The financial shipwreck of a company is a customary event in nearly all states of the world. Most jurisdictions have special statutes addressing this topic and they are – beyond terminological issues – all dealing with the same questions: how is the term “insolvency” defined? How are insolvency proceedings commenced? What are the responsibilities of the court on the one hand and of the Insolvency Practitioner on the other hand? Are there various classes of creditors and what are their procedural and substantive rights? How is the insolvency estate determined? What are the effects of the opening of insolvency proceedings on the estate? What are the consequences for executory contracts or rights to set-off? Can transactions performed prior to the opening of insolvency proceedings be reversed to the benefit of the general body of creditors? What is the legal position of secured creditors? Is restructuring of an insolvent company a possible scenario and what are the differences between liquidation and restructuring proceedings? Which rules apply to cross-border affairs, e.g. to assets located in a foreign jurisdiction?
However, although all insolvencies raise the same legal questions, the answers in national insolvency laws differ widely. This starts with terminology (even in the same language: in the USA the relevant term is “bankruptcy” whereas in the UK “insolvency” for companies is distinguished from “bankruptcy” for individuals) and it ends with the distribution of the proceeds of the debtor’s estate (US law lists ten – intricately shaped – groups of preferential creditors, German law privileges the expenses of the proceedings only, France gives employees a super-privilège ranking even ahead of secured creditors). These findings lead to a challenging question: is it reasonable to restrict the presentation of insolvency law to the rules in a specific jurisdiction or does it pay to take a broader view and to cover various national laws?
In my new book on Corporate Insolvency Law, I decided to put the depiction on a more general level and to write it as a general textbook which deals with insolvency law as such, with the principles, ideas, and general features of insolvency law, using national legislation as examples only. In this respect, throughout the book, English, French, German, and U.S. law is considered. I picked these jurisdictions because they represent world leading insolvency systems, albeit with typical differences, and their laws are role models for many other states. Pursuing such a comparative approach pays off, since it opens one’s eyes to the core of specific problems, reveals the strengths and weaknesses of national solutions and unveils the basic principles and essential criteria for solving practical problems. This shall be illustrated with two examples.
First, where the debtor company has rented real estate which is used for storing commodities, is the lease contract automatically terminated upon the opening of the insolvency proceedings or does either the Insolvency Practitioner or the landlord have an extraordinary termination right? The answer is in the negative in Germany, since German insolvency law provides for the continuance of lease agreements (albeit for immovables only). This leads to an – albeit modified – application of general contract law: the landlord is not allowed to terminate the contract extraordinarily, neither for the tenant’s insolvency nor for behindhand rents due before the opening of insolvency proceedings. On the other hand, the Insolvency Practitioner is also referred to general contract law with the exception of a reduction of statutory or contractual termination periods to three months. Things are different in France, the UK and the US. In these jurisdictions, lease contracts are not terminated automatically upon the opening of insolvency proceedings but are subject to the Insolvency Practitioner’s choice to assume or reject the agreement. The latter solutions disregards the interests of the landlord completely which is debatable under the principle of proportionality.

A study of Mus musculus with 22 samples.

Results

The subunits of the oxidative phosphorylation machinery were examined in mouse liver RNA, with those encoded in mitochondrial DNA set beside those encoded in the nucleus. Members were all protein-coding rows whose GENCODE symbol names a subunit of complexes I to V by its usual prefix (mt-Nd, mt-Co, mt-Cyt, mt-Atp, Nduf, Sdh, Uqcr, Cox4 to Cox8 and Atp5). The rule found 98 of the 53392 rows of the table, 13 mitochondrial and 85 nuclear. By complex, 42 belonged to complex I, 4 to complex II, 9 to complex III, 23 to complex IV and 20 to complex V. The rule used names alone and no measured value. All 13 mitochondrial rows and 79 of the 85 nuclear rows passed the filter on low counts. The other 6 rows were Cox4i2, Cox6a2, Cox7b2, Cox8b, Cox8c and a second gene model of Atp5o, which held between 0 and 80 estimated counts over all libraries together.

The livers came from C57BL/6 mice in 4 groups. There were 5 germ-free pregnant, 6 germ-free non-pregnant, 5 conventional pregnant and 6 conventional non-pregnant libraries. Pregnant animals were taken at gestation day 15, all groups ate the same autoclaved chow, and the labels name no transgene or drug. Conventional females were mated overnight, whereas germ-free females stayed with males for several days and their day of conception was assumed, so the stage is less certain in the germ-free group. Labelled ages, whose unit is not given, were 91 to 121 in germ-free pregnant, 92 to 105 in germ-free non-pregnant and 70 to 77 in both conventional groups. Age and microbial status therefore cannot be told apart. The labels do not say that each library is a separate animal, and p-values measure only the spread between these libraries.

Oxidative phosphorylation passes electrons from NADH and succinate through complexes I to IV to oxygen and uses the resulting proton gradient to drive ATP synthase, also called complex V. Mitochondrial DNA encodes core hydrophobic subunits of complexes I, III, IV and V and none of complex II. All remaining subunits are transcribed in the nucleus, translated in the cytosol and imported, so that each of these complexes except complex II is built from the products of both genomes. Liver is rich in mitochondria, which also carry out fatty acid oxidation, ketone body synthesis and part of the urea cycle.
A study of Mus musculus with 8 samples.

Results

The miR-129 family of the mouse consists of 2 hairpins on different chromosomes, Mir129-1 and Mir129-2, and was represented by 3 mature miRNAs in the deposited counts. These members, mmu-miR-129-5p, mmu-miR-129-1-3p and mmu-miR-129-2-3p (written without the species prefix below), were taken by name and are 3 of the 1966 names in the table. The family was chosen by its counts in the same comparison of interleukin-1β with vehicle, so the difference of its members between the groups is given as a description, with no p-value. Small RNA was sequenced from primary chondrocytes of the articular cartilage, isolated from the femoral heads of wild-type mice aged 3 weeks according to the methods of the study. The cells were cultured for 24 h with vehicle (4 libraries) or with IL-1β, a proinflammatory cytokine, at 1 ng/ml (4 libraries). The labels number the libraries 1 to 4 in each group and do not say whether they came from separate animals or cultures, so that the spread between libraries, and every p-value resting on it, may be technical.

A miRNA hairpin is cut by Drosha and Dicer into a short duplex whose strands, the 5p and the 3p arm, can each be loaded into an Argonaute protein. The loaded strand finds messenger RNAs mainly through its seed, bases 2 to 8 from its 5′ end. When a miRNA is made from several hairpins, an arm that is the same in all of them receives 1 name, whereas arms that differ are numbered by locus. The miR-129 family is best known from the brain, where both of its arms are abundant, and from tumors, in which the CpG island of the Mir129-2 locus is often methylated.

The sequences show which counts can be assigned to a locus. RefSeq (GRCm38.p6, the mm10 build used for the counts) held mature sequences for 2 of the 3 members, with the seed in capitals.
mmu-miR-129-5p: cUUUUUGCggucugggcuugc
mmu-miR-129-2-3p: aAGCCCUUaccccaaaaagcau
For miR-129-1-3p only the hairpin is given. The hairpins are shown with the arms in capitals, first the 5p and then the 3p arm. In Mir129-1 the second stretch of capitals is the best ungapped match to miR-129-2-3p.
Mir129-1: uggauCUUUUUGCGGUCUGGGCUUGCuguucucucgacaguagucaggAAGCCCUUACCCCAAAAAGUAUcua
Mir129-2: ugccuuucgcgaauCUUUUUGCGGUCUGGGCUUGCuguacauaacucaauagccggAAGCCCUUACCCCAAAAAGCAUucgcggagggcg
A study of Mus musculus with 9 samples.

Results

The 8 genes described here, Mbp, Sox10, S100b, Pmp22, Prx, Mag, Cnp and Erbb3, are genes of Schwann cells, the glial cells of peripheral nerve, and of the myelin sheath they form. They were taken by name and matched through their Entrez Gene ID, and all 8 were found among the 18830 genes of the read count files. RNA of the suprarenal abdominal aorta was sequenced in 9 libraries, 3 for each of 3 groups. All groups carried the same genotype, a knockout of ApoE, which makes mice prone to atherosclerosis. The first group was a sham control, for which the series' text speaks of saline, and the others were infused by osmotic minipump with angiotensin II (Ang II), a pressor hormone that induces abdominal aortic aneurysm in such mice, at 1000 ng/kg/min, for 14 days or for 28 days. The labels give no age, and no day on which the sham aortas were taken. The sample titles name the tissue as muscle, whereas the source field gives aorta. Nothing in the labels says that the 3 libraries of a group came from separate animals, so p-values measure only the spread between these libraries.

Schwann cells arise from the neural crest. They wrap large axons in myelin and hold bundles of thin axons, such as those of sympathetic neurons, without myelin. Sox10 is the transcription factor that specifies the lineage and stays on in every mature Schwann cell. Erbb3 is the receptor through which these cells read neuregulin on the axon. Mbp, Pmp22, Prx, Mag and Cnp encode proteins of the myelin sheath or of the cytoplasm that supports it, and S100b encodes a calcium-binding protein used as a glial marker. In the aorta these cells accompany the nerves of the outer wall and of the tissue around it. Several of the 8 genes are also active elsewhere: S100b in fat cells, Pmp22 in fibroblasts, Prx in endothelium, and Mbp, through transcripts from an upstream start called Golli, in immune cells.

The second example concerns the avoidance of preferences. Assuming that C, a creditor of D, applies for the opening of insolvency proceedings against D. Before the court’s opening decision, D pays V, a supplier company who refuses to deliver goods urgently needed for the continuation of D’s business unless outstanding debts are paid. After the opening decision, the Insolvency Practitioner sues V for repayment. This would be successful in England and Wales unless the court is convinced that D did not act with the necessary desire to put V in a better position, since D paid old debts in order to get new deliveries. Under French law, everything depends on V’s knowledge of D’s cessation of payments. Also, in Germany, V has to pay the money back provided V knew of the debtor’s inability to pay debts or of the insolvency application. The same results are likely in the USA, since it is not in the ordinary course of business if an outstanding debt is paid after the application for insolvency proceedings. It is interesting that English law refers to the debtor’s intent whereas the other jurisdictions focus on the creditor’s knowledge. Since V was put in a better position compared to its fellow creditors, the avoidance action is supported by the principle of equal treatment of creditors. As opposed to that, legitimate expectations of creditors that they may keep what they have duly received must be taken into account under the principle of protection of trust. However, this can hardly depend on the intent of the debtor, since it is the knowledge of the creditor which weakens his or her worthiness of trust protection.
In sum, approaching insolvency law from a comparative perspective is a fascinating endeavour. It expands one’s horizon, helps to better understand domestic legislation and adds to the list of criteria when applying the law in concrete cases. It’s worth the effort!